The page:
My Grandpa John lived for many years in a rented room in a building where everyone shared the bathroom and the kitchen. It always smelled like ripe bananas. We’d usually visit him there after church on Sundays. He used to collect his change in an empty pop can with the top cut off and once, when it was full, he let me have it. I sat and counted the coins while he and my dad talked about Jerry Falwell and Jack Van Impe and the impending End of the World. I think I remember it well because that talk used to scare me so much.
My grandpa always had office supplies, like mechanical pencils and retractable erasers, that he’d give me at church so I could write on the bulletin when I’d get antsy during the service. He told me there was no Santa Claus. He gave me the Barbie Townhouse for Christmas. He always said my name when he was talking to me. Some people, when they’re familiar, stop using names. It’s “her” or “she” or “honey” or “sweetie.” He always said my name and I liked that. It made me feel visible and grown up.
My Grandpa John passed away from Alzheimer’s recently at the age of 91. I hadn’t seen him in more than seven years. He lived alone most of his life and near the end – even before Alzheimer’s – visitors made him uneasy. The last time I was with him was when Julia was eight months old. We had gone to visit him and he held her. He still had my school pictures hanging near his calendar, like he always had. He never got to meet my other children and Julia certainly doesn’t remember that brief moment in his arms, but they all traveled to Pennsylvania to pay their respects at his funeral last week.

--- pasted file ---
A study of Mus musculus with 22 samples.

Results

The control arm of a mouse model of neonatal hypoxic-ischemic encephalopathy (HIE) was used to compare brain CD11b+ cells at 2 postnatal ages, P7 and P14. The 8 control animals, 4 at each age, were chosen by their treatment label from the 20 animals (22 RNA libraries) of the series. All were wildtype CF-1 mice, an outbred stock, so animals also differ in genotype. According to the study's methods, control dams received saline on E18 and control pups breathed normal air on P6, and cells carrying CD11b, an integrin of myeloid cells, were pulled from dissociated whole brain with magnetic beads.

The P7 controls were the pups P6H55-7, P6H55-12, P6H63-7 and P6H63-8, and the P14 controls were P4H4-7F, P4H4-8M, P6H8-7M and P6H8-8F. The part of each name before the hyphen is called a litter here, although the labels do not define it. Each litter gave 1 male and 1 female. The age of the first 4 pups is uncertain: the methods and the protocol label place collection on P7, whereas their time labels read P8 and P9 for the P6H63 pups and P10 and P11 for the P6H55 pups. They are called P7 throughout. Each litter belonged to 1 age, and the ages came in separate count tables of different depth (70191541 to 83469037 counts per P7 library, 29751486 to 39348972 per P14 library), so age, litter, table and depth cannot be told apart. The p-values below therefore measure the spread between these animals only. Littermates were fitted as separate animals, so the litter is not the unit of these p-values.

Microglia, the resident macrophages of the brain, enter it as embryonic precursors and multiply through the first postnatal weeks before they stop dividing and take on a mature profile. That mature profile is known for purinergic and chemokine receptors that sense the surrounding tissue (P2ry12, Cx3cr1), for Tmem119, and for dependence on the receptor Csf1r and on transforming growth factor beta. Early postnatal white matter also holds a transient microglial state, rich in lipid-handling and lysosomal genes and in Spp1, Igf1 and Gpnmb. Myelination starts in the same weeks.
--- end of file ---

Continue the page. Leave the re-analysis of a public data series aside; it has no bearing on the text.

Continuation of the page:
Dave and I tried to make the trip as comfortable as possible for them. We stayed at a hotel – here’s Jack at The Holiday Inn Express.
(I mention it by name, not because I’m getting paid, but because they were so good to my family and me – even when Bee pushed the emergency button in the elevator.)
They had a pool that we had all to ourselves due to the timing of our stay.
The kids had fun swimming and meeting family that up until then they’d only heard about, especially their cousin.
I took them to see the house I lived in when I was their age.
If Julia were me, she’d be getting ready to move from that home in about one month, which was one of the defining moments in my life.
Though we did a number of things while we were there, the reason for the trip wasn’t lost on the kids. There were a lot of questions about life and death and family, even before the funeral. It was an emotionally draining trip. I’m just grateful that they could join me in saying goodbye to a man they didn’t get to know, but who is very much a part of them.